Comparison of a polysaccharide hemostatic powder and conventional therapy for peptic ulcer bleeding
Clinical gastroenterology and hepatology : the official clinical practice journal of the American Gastroenterological Association. 2023
BACKGROUND AND AIMS Hemostatic powders have been clinically used in the treatment of gastrointestinal bleeding. We investigated the non-inferiority of a polysaccharide hemostatic powder (PHP), compared with conventional endoscopic treatments, for peptic ulcer bleeding (PUB). METHODS This study was a prospective multicenter randomized open-label controlled trial at four referral institutions. We consecutively enrolled patients who had undergone emergency endoscopy for PUB. The patients were randomly assigned to either a PHP or conventional treatment group. In the PHP group, diluted epinephrine was injected, and the powder was applied as a spray. Conventional endoscopic treatment included the use of electrical coagulation or hemoclipping after injection of diluted epinephrine. RESULTS Between July 2017 and May 2021, 216 patients were enrolled in this study (PHP group, 105; control group, 111). Initial hemostasis was achieved in 92 of 105 patients (87.6%) in the PHP group and 96 of 111 patients (86.5%) in the conventional treatment group. Re-bleeding did not differ between the two groups. In subgroup analysis, the initial hemostasis failure rate in the conventional treatment group was 13.6% for Forrest IIa cases; however, there was no initial hemostasis failure in the PHP group (P=0.023). Large ulcer size (≥15mm) and chronic kidney disease with dialysis were independent risk factors for re-bleeding at 30 days. No adverse events were associated with PHP use. CONCLUSION PHP is not inferior to conventional treatments and could be of use in initial endoscopic treatment for PUB. Further studies are needed to confirm the re-bleeding rate of PHP (ClinicalTrials.gov 02717416).
Efficacy of Tranexamic Acid in the Treatment of Massive Upper Gastrointestinal Bleeding: A Randomized Clinical Trial
Background Upper gastrointestinal bleeding (GIB) is an important cause of emergency ward admission. Antifibrinolytic agents including tranexamic acid (TXA) have been used for controlling GIB. However, there have been concerns regarding the safety and efficacy of TXA in patients with GIB. Thus, in this study, we aimed to determine the efficacy of TXA in the treatment of massive upper GIB. Methodology This double-blind randomized clinical trial was conducted among 86 consecutive patients who were referred to Imam Hossein Hospital in Tehran, Iran from 2018 to 2019 with the chief complaint of massive upper GIB. Patients were chosen to be in the TXA or placebo groups based on a 1:1 allocation using the block randomization method. The rate of rebleeding, need for blood transfusion, hospital stay, adverse effects, and mortality rate were evaluated and compared across the groups. Results Of the 86 patients enrolled in this study, 55.8% (n = 48) were males. The mean age of all patients was 53.1 ± 10.6 years (TXA group: 54.9 ± 11.5 years, and placebo group: 51.4 ± 9.7 years). Rebleeding was seen in 11 (25.6%) patients in the TXA group and in 20 (46.5%) patients in the control group, which was statistically significant (p = 0.043). Blood transfusion was carried out in only three (7%) patients in the TXA group compared with 14 (32.6%) patients in the placebo group (p = 0.003). Six (14%) patients experienced a hospital stay of longer than five days in the TXA group and 15 (34.9%) patients in the control group, which was statistically significant (p = 0.024). There were no significant differences in the mortality rate across both groups (p > 0.05). Conclusions TXA has no effect on mortality associated with severe upper GIB. However, it was associated with a lower rate of rebleeding and hospitalization time, without significant adverse effects.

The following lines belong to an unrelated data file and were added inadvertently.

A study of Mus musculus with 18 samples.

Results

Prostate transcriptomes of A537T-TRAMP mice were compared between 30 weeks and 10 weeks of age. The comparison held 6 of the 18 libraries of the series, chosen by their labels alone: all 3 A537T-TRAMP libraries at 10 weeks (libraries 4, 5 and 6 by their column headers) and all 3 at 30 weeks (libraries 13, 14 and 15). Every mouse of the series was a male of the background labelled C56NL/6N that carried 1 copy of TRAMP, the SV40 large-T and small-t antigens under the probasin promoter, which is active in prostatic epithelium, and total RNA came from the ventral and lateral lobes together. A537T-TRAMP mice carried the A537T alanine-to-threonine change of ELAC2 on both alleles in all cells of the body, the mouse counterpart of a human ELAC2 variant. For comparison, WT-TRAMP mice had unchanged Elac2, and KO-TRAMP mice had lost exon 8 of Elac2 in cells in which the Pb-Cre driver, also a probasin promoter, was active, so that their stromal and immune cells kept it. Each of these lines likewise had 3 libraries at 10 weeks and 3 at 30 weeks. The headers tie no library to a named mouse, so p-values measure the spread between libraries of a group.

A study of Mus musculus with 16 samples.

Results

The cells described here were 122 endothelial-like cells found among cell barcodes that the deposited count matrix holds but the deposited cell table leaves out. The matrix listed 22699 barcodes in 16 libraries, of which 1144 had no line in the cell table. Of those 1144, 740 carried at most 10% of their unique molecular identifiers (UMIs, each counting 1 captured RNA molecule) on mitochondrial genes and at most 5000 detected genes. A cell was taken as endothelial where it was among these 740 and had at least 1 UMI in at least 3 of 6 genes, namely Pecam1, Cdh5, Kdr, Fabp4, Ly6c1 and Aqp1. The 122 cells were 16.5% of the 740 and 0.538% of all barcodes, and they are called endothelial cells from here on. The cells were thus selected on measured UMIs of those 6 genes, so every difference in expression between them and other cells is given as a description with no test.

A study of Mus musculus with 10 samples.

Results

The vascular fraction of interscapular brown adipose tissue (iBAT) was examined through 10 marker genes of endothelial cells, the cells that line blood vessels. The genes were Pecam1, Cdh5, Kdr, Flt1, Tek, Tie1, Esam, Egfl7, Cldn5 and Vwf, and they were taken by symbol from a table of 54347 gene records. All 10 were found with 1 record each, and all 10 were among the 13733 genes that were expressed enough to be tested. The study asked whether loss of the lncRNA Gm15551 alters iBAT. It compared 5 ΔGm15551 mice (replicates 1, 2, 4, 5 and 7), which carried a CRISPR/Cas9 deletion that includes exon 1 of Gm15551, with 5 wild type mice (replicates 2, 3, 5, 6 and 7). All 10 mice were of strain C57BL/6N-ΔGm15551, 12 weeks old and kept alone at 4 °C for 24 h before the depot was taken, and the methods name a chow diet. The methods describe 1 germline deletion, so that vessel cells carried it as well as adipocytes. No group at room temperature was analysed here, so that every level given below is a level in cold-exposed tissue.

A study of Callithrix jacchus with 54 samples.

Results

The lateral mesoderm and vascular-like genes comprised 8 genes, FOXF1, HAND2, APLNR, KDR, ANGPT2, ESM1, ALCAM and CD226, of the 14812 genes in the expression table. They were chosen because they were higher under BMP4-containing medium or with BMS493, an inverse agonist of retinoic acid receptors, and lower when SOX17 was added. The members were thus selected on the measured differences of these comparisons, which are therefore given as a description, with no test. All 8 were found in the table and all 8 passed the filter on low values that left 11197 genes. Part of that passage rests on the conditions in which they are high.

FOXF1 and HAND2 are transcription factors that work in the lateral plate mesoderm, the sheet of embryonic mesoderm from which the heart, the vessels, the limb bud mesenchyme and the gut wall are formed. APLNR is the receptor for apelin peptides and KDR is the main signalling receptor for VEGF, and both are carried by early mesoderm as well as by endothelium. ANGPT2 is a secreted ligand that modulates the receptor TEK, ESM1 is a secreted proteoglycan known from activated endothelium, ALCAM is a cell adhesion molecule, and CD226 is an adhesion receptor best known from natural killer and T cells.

A systematic review and meta-analysis assessing the use of tranexamic acid (TXA) in acute gastrointestinal bleeding
Irish journal of medical science. 2023
INTRODUCTION Gastrointestinal bleeding results in significant morbidity, cost and mortality. TXA, an antifibrinolytic agent, has been proposed to reduce mortality; however, many studies report conflicting results. METHODS The aim of the study was to perform the first systematic review and meta-analysis of RCTs to evaluate the efficacy TXA for both upper and lower gastrointestinal bleeding. This was performed per PRISMA guidelines. PubMed, EMBASE, Cochrane and Scopus databases were searched for RCTs. Dichotomous variables were pooled as risk ratios (RR) with 95% confidence intervals (CI) using the MH method with random effects modelling. RESULTS Fourteen RCTs were identified with 14,338 patients and mean age of 58.4 years. 34.9% (n = 5008) were female and 65.1% (n = 9330) male. There was no significant difference in mortality between TXA and placebo (RR 0.86 95% CI (0.74 to 1.00), P: 0.05). The secondary outcomes, similarly, did not yield significant results. These included rebleeding, need for surgical intervention (RR: 0.75 95% CI (0.53, 1.07)), endoscopic intervention (RR: 0.92 95% CI (0.70, 1.22)), transfusion requirement (RR: 1.01 95% CI (0.94, 10.7)) and length of stay (RR: 0.03 95% CI (- 0.03, 0.08)). There was no increased risk of VTE, RR: 1.29 95% CI (0.53, 3.16). One trial (n = 12,009) reported an increased risk of seizure in the TXA group, RR: 1.73 95% CI (1.03-2.93). CONCLUSION TXA does not reduce mortality in patients with acute upper or lower gastrointestinal bleeding and may confer an increased risk of seizures. The authors do not recommend the use of TXA in acute gastrointestinal bleeding.